Will Taylor – A True Tiger Teammate

By: Chris Perry

The following appears in the latest issue of Orange: The Experience. For full access to all of the publication’s content, join IPTAY today by calling 864-656-2115.

To a Palmetto State sports fanatic, the last name “Taylor” needs no introduction.

Clemson outfielder Will Taylor grew up in Irmo, right outside of Columbia. He attended Dutch Fork High School and Ben Lippen School, as he lettered five times in baseball, five times in track & field, four times in football and four times in wrestling. Taylor was a three-time state champion in wrestling, a member of the state title football team and a member of the state championship track & field squad.

While these accolades may seem impressive, they come as no surprise to anyone who knows the family. Taylor’s sister, Erin, was a state champion herself, as she holds the state long-jump record. His brother, Paul, is a freshman outfielder for The Citadel. His father, Eddie, was a wrestler at The Citadel. Above all, Taylor credits his family’s interest in sports to their late grandfather, Ed, who played baseball and football at The Citadel.

“I come from a really athletic family. We get most of our athleticism from our grandfather. I have two older sisters who are really competitive, and a younger brother who is 17 months younger than I am. My brother and I grew up the same size, same height and same weight.”

While Taylor committed to Clemson for baseball following his sophomore year at Ben Lippen School, he was always set on playing two sports in college. Even after his baseball commitment, Taylor continued to excel in football, and through attending Clemson football camps, he was able to catch the eye of Head Coach Dabo Swinney, who offered him a scholarship on the Tiger football team.

“I’ve always had a dream to play two sports, so I wrote it down on my goals list. My family and I have a goals list every year that we put on the kitchen door. Looking at that every day inspired and motivated me. I called up Coach (Monte) Lee and Coach Swinney and was asking if it was possible to do both, and they were very encouraging and supportive.”

Many spectators began to believe Taylor’s plans of enrolling at Clemson might shift when he was projected as one of the top MLB draft prospects heading into his senior season at Dutch Fork High School. Taylor was eventually drafted by the Texas Rangers in the 19th round of the 2021 MLB draft, although he had the opportunity to be drafted in the first round if he so desired. However, Taylor remained firm on attending Clemson and earning his degree.

“For me, it wasn’t about the money. I believed there was no better opportunity then here at Clemson to play two sports, grow up in my faith, grow up as a man and also get my degree at such a prestigious university. As soon as the draft was over, I never looked back. I’ve had so many great memories and opportunities here that I could have never paid for.”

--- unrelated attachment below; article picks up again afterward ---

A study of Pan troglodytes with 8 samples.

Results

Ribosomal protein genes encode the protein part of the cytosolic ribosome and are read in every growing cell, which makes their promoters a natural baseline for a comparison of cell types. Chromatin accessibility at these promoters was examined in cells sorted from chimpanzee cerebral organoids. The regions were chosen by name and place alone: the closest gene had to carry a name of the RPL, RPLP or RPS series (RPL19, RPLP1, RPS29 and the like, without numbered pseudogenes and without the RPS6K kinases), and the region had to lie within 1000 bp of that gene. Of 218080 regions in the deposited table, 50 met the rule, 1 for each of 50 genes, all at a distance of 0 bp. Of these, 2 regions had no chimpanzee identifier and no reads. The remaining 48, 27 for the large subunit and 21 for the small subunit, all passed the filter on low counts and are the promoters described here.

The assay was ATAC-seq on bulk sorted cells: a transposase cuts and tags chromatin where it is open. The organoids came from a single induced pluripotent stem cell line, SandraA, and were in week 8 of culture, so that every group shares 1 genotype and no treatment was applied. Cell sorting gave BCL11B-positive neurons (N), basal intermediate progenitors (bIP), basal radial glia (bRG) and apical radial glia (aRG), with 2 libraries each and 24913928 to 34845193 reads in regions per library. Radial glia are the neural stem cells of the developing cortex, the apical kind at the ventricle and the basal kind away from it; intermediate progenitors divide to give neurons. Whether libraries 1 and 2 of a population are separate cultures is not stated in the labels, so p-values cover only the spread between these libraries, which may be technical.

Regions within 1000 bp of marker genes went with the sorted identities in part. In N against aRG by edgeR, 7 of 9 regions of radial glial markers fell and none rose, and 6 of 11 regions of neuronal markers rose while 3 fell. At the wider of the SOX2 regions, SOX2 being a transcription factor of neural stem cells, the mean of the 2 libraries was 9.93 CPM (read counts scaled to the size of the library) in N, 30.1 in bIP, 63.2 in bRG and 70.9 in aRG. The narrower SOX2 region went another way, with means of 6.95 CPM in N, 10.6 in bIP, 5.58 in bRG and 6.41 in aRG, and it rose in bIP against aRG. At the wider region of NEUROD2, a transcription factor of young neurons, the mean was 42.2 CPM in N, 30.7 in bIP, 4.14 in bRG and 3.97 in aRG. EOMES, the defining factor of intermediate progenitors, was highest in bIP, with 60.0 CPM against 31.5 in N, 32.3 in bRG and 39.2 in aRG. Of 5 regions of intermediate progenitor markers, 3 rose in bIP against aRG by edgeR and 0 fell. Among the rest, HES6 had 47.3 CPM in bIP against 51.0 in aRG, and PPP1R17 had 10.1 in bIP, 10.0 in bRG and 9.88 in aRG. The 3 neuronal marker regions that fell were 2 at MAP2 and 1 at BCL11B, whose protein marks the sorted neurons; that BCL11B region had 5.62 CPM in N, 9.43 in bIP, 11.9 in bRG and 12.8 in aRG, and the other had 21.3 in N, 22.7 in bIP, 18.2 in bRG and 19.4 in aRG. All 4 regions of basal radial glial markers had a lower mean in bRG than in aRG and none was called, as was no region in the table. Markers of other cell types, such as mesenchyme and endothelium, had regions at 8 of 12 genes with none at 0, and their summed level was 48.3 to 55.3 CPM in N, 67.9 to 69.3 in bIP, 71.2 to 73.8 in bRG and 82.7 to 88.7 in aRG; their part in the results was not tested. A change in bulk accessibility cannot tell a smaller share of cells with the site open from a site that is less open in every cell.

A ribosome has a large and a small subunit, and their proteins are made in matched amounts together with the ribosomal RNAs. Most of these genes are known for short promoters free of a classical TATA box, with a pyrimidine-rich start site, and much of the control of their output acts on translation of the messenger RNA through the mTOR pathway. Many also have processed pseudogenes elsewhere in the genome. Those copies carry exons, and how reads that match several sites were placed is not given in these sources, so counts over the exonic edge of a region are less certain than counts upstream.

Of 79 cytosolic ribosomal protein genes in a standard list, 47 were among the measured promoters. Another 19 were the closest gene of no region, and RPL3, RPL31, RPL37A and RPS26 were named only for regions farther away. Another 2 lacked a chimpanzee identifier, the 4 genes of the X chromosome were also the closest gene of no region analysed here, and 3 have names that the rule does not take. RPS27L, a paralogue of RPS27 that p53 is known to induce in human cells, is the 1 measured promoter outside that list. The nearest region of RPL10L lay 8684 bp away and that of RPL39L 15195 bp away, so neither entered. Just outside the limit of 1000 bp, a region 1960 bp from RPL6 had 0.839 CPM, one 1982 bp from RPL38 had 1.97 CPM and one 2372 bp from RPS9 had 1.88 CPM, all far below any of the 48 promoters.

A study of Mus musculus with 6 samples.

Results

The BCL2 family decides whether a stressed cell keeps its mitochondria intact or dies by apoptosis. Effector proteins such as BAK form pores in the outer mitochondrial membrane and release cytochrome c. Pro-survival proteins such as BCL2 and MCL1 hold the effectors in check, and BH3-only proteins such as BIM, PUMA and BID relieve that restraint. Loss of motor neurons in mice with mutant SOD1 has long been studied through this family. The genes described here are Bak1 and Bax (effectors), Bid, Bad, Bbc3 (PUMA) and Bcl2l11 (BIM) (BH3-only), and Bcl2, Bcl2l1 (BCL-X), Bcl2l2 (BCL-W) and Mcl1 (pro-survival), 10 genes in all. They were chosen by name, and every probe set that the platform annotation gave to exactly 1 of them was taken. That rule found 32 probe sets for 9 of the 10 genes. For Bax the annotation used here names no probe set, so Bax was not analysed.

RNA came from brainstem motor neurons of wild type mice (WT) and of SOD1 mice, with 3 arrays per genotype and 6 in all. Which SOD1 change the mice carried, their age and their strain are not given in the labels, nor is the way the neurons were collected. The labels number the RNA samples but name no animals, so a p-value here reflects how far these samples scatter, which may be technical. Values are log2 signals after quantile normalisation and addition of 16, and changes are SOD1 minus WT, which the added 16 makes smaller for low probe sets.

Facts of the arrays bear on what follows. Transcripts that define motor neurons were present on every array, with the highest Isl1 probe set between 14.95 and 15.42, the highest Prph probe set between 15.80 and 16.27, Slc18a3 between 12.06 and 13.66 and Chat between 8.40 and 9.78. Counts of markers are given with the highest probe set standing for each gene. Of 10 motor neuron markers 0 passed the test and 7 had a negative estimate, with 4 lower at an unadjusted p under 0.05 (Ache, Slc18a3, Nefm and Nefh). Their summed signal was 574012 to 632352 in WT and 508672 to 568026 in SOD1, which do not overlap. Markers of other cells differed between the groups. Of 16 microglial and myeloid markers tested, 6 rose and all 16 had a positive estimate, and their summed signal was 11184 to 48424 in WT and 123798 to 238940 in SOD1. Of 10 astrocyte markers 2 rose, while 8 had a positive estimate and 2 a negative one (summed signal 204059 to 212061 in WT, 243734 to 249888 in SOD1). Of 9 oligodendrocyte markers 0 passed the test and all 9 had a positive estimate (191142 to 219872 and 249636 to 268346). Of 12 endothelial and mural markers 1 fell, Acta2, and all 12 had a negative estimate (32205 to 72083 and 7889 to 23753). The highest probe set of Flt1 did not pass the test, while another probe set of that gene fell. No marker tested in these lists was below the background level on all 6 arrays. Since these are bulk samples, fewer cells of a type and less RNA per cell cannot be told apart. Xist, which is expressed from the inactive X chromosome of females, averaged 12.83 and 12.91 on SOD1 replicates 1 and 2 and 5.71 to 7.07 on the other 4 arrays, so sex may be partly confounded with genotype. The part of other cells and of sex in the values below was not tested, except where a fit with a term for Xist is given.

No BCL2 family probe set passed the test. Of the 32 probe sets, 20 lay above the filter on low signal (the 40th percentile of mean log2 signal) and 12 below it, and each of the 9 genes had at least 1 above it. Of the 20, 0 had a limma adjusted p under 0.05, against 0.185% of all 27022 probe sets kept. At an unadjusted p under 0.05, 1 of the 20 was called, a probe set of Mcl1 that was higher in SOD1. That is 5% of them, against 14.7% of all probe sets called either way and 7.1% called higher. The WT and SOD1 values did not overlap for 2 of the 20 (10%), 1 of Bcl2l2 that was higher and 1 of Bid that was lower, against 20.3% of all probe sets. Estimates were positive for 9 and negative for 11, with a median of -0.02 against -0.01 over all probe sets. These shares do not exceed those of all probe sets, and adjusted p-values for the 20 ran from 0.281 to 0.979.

Upon a highly anticipated arrival onto the college football scene in the fall of 2021, Taylor was struck with adversity when he tore his ACL in an early-season game. This was the first time Taylor dealt with an injury this severe, and he credited his resilience to his work ethic that he instilled in himself from a young age.

“It was the first time I had to overcome something in my life. It was the first time I had to dig deep as a person and as an athlete, so it challenged me in all areas of my life, on the field and off the field, physically and mentally. It was finding the good in everything that happens and finding the good in all the bad that happens.”

Taylor’s resilience and perseverance through injury eventually paid off following a historic sophomore campaign, when he became the first college athlete since 1989 to be an ACC champion as a member of both a football and baseball team. Taylor led the Tiger baseball team to becoming not only the ACC champion, but a regional host of the NCAA Tournament. He was awarded with the team’s Most Improved Award for his efforts.

“It goes to show that there’s a lot of great coaches and a lot of great players here who I’m surrounded by. I’m just a small part of both teams. It’s fun because winning is fun. That’s what we do a lot of here at Clemson, and that’s why we play to win for this university and these fans.”

Following the 2023 baseball season, Taylor decided he would focus all his attention on baseball for the remainder of Clemson and athletic career. While an important decision, it was one that Taylor believed he had to make. It also allowed him to go through a fall baseball season for the first time in his life.

“It was a very tough decision. I knew I would have to make a decision at some point in my life, but just didn’t know when. When you have to make a decision, you always have to sacrifice something in order to gain something, so I knew I’d have to sacrifice the opportunity with Coach Swinney and the football team.

Sacrifice is an apt description in another way, because Taylor offered to basically become a walk-on with the baseball team and receive no scholarship money in 2024.

As a member of the football team, Taylor was on a full scholarship. With the limitation of only 11.7 scholarships allotted for baseball programs, Taylor and his family did not insist in receiving part of that amount, which allowed his teammates to maintain their scholarship levels.

“I was excited to be a part of Team 127 full time. I’m really trying to contribute as much as possible to this team and this university to help us get to where we want to be in the end.”

While it might not be clear where Taylor will land next in his athletic career, there is no doubt he and his family have left a lasting impact on the Tiger baseball program.